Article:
Questions to ask before choosing assisted living

UMBC expert says many of the most important factors won't come up on a facility tour

October 03, 2011|By Leslie Morgan

When an older family member needs supportive housing, there's often a rush to find a place with the "best quality." But what is quality? Do family or friends value the same things as the future assisted-living resident?

Assisted-living settings are extremely diverse. To find a good fit, it is essential to look beyond the factors highlighted in marketing tours: cost, room size, staff ratio and appearance. Opinions on which factors are truly essential to quality vary, but one voice should receive the most attention as you decide on housing: the voice of the person who is to live there. Ask yourselves these questions before visiting facilities:

•What are this person's priorities? While there is usually a focus on health care needs, many other elements may matter more once the person is settled. A socially active person might prefer a place with more people and outings; a very private person might be more comfortable staying in his or her room, pursuing hobbies or phoning friends. Does decor or room size matter? Is it important to be near their old neighborhood, where friends can visit, or to move near family members? What about continuing lifelong behaviors, like having a drink before dinner, attending religious services or spending time outdoors?

•What types and amount of care does this person need? One of the most important and difficult discussions to have involves the person's preferences in light of what health and safety issues require: intense medical attention, oversight of multiple medications or for cognitive challenges, or simply help with dressing and mobility. Some assisted living settings specialize in medical or dementia-related care, while others offer more limited health services.

•How important is flexibility in the person's daily routine? Should a setting with a highly structured routine of breakfast by 8 a.m. be immediately ruled out for a person who has always slept late and skipped breakfast? Choosing when to wake, eat, bathe, dress and sleep are extremely important to many individuals. Constraints in daily routines, including drinking alcohol, smoking or ordering pizza for delivery, are essentials not usually covered in a marketing tour. Attending to important routines of daily life can help to reduce the difficulty of adjusting.

•Who would your family member feel comfortable with in a shared living environment? Collective settings means sharing tables at meals and socializing at events featuring regular interaction with residents and staff. For some, finding others who share their interests (like playing bridge, music or knitting) is essential to an enjoyable social life. Others might desire a community with a shared religious faith or a group rich in diversity. Being surrounded by individuals with dementia may feel isolating to someone whose health problems are physical.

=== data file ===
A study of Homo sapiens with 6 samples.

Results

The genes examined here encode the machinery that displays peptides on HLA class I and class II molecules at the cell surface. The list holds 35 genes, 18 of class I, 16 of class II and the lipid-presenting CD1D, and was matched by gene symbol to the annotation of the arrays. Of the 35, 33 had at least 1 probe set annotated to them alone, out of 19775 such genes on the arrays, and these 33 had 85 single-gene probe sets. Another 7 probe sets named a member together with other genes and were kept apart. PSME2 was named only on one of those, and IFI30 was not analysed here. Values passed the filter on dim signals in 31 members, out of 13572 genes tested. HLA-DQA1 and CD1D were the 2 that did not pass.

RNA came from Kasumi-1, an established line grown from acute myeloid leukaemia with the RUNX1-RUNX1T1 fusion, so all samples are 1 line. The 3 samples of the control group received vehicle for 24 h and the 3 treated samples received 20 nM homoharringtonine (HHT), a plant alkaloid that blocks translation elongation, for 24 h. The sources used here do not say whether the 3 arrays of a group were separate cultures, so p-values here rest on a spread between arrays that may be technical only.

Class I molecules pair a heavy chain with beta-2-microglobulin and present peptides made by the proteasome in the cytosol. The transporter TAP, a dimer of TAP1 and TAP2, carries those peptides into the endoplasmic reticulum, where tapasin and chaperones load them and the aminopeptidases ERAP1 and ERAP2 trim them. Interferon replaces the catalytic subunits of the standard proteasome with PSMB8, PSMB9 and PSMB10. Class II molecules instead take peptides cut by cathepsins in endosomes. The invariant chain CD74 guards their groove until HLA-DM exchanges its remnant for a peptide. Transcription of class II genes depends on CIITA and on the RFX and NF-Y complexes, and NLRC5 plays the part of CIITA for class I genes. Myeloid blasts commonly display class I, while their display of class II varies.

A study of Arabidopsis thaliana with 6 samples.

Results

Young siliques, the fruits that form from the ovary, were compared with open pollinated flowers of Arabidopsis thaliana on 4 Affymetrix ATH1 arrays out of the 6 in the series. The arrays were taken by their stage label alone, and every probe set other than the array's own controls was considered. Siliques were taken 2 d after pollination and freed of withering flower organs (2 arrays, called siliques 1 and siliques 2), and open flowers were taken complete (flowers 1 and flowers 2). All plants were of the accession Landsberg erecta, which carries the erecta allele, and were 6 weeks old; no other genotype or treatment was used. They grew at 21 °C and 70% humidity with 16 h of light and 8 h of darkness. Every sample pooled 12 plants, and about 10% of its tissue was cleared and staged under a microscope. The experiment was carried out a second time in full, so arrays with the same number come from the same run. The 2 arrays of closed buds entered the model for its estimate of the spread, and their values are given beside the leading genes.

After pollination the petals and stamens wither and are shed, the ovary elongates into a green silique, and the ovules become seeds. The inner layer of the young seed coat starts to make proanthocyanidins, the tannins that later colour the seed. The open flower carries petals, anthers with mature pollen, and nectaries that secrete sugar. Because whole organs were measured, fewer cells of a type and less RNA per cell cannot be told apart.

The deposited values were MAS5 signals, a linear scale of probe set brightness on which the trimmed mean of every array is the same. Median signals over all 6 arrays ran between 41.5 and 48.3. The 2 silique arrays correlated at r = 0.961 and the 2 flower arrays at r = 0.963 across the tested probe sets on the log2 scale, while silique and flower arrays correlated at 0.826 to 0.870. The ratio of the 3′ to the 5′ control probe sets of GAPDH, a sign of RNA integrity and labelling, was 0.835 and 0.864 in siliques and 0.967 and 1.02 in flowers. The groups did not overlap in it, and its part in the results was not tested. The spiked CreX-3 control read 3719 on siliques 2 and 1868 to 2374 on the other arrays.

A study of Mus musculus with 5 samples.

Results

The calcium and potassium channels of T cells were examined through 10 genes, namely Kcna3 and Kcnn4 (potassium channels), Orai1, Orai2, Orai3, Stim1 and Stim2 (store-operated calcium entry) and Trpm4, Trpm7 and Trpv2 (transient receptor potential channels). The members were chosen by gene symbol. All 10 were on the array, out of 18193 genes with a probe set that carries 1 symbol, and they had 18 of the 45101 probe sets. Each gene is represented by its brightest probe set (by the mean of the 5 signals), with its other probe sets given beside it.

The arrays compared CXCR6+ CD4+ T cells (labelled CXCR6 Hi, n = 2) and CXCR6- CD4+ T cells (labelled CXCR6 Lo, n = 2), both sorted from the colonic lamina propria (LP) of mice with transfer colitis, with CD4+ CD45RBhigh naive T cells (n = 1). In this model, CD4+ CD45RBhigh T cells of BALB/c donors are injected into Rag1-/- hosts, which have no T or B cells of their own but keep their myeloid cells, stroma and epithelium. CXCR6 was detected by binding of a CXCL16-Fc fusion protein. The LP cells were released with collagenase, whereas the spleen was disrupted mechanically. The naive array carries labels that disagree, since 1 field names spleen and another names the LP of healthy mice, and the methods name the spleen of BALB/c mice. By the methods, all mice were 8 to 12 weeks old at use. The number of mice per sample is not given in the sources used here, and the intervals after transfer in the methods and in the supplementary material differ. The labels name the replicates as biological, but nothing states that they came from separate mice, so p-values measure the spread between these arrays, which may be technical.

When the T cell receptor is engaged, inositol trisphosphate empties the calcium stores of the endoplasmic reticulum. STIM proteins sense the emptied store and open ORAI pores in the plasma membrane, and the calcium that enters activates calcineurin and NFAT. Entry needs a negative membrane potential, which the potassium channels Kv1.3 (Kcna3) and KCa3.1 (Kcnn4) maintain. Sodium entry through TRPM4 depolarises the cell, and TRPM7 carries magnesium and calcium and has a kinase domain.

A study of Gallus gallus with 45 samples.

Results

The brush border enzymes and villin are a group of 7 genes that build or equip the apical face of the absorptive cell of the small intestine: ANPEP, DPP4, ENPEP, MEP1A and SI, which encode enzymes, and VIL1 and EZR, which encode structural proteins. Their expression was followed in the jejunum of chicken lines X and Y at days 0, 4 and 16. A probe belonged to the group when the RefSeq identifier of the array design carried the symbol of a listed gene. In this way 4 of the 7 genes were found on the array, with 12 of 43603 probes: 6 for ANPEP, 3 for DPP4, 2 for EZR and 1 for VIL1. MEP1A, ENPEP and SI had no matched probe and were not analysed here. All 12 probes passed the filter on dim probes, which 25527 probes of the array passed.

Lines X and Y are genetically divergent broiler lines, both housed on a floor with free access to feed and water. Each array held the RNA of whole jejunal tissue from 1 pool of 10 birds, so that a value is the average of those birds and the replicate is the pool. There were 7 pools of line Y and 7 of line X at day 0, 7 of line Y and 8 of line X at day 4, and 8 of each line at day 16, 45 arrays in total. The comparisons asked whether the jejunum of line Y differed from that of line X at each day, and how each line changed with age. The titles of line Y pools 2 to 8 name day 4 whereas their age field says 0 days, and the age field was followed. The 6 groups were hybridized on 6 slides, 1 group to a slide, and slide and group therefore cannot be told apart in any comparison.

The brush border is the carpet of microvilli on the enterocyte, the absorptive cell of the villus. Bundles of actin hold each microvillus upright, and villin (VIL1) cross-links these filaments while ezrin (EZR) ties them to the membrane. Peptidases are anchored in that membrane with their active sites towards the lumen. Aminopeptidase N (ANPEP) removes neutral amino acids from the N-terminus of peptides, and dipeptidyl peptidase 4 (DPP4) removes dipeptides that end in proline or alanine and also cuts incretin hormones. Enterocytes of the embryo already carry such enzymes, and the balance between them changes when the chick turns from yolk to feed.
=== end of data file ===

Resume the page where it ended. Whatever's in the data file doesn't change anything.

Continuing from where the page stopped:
•Whose priorities matter most? Assisted living is a consumer-driven sector with two kinds of consumers: residents and their family members. While families often support their relative's choices, in some cases kin use this move to achieve their own goals. Examples would be children who insist on nightly room checks or seek to control smoking or eating habits, despite their parent's opposition. When assisted-living staff receive conflicting messages, quality of life for the assisted-living resident may be compromised.

•What happens if the money runs out? Assisted living is primarily paid for by individuals through savings, pensions or proceeds from a home sale. Occasionally, long-term care insurance or state-based programs provide support. All family members should frankly discuss the cost of care to evaluate how long known resources will last. Paying more does not guarantee the best quality. Considering finances at the start may prompt selection of a less costly care setting to stretch resources, but one that meets other, important needs to ensure quality.

Leslie Morgan is a professor of sociology at the University of Maryland, Baltimore County and co-director of the UMB/UMBC gerontology PhD program. Her most recent book, coauthored with colleagues from UMBC's Center for Aging Studies, is "Quality Assisted Living: Informing Practice through Research." Her email is lmorgan@umbc.edu.

Baltimore Sun Articles
|
|
|
Please note the green-lined linked article text has been applied commercially without any involvement from our newsroom editors, reporters or any other editorial staff.